Amid market turbulence, a Flagship startup pushes off an IPO with a new fundraise

Not too long ago, startup biotechnology companies could envision a quick path to public markets. But the road to an initial public offering is now longer, and the latest example comes from a new funding round announced Tuesday by Senda Biosciences.

Senda closed a $123 million Series C round from founding investor Flagship Pioneering and a large group of other investors. The biotech, which is researching the complex interplay between human cells, bacteria and other organisms, has to date raised $266 million since its launch less than two years ago.

Senda’s decision to raise additional funds privately reflects the recent downturn that ground the pace of biotech IPOs to a halt. Only 15 drug developers have gone public in 2022, versus 81 by this time a year ago, according to data compiled by BioPharma Dive. Early-stage investors have indicated in interviews over the past few months that they plan to keep some of their companies private for longer as a result of the difficult market.

Senda is among them. According to CEO and Flagship partner Guillaume Pfefer, the company made its decision to go with a third round of private financing, rather than an IPO, to heed market signals. The company has no plans to IPO or raise another private round anytime soon, Pfefer said.

“Going public elevates our visibility and creates a shorter runway for what is expected,” he said. “We have probably a bit more time when we are going through a private round.”

Senda will use that time to advance its first potential medicines towards human testing, with plans to start clinical trials by the end of 2022. Though the Cambridge, Mass.-based company hasn’t settled on a specific disease to target initially, it’s looking within infectious diseases, metabolic disorders and cancer.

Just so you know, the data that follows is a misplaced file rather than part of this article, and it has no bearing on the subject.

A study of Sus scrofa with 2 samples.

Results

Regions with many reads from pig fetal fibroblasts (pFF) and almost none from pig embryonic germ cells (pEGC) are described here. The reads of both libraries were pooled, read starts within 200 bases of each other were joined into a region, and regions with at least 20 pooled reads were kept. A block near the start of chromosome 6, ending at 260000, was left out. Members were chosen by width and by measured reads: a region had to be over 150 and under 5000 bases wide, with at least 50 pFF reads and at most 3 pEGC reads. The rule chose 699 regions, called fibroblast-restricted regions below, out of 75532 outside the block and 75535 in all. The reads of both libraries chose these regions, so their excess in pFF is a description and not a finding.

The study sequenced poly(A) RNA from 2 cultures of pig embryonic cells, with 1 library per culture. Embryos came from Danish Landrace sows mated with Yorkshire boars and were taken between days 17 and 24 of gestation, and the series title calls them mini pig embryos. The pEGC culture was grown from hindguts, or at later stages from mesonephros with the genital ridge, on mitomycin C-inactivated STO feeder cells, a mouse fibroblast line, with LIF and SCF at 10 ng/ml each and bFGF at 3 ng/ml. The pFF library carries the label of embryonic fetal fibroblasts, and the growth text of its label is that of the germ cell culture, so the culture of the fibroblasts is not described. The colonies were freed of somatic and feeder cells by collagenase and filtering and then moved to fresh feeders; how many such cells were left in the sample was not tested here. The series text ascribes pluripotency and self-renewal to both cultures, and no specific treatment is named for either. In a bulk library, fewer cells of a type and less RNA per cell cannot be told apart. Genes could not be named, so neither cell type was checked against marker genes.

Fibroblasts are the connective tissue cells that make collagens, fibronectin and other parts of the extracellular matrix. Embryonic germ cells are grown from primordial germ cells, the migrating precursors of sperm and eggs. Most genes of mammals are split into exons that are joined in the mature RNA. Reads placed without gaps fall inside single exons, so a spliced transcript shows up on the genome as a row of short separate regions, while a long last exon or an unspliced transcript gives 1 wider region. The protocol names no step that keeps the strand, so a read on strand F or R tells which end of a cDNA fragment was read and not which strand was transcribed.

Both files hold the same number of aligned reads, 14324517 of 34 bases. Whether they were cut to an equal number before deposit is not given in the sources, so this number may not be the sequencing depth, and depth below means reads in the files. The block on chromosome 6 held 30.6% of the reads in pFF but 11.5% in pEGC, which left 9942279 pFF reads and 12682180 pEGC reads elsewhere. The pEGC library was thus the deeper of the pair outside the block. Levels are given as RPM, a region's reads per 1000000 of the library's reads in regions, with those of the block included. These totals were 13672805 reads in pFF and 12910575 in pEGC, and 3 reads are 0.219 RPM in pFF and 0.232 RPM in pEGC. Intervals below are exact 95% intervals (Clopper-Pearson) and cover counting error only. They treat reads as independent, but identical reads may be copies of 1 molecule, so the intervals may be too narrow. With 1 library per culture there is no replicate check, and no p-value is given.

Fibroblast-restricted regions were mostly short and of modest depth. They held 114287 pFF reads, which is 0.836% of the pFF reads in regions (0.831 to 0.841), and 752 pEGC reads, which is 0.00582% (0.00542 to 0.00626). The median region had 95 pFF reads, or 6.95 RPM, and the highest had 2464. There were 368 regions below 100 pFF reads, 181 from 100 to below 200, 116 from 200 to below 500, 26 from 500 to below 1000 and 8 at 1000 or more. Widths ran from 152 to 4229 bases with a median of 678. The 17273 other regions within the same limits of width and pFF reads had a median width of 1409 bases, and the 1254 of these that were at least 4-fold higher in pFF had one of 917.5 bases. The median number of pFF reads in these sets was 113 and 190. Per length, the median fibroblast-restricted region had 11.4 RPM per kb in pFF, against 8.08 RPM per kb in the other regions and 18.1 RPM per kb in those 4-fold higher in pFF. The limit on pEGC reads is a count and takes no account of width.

Senda is focused on what it terms “intersystems biology,” or the interactions between human cells and the other living organisms inside the body. Senda analyzes the signals being sent between them — say, a chemical from a bacteria that aids human health — and, helped by machine learning tools, uses that information to develop potential drug candidates.

The company claims this approach could point the way to new types of treatments, such as oral stand-ins for drugs like insulin that are currently injected.

Though Senda’s work remains early, its potential has caught the eye of at least one major partner, Nestlé Health Science. The two formed a research collaboration in January 2021 to develop drug candidates for metabolic conditions including obesity and glycemia.

The ultimate goal of Senda’s platform, Pfefer said, is “getting more treatment for more people faster.”

Like many of Flagship’s other investments, Senda is based on a platform technology, which is meant to churn out many drugs, not just one. Investors interviewed by BioPharma Dive have suggested that interest in platforms has diminished during the sector’s downturn. Some companies are being built more cautiously as a result.

Stephen Berenson, a managing partner at Flagship, acknowledged the shift away from platform companies in an interview with BioPharma Dive last month, adding that his firm is thinking “quite carefully” about how it finances its private companies.

For Senda, that means biding its time and making more progress privately. The company launched with an $88 million commitment from Flagship, added another $98 million last June and has now put its third round together in three years. It plans to seek FDA permission by the end of the year to start several clinical trials, Pfefer said.

“Great science and great data always attract investors,” Pfefer said.

This post has been syndicated from a third-party source. View the original article here.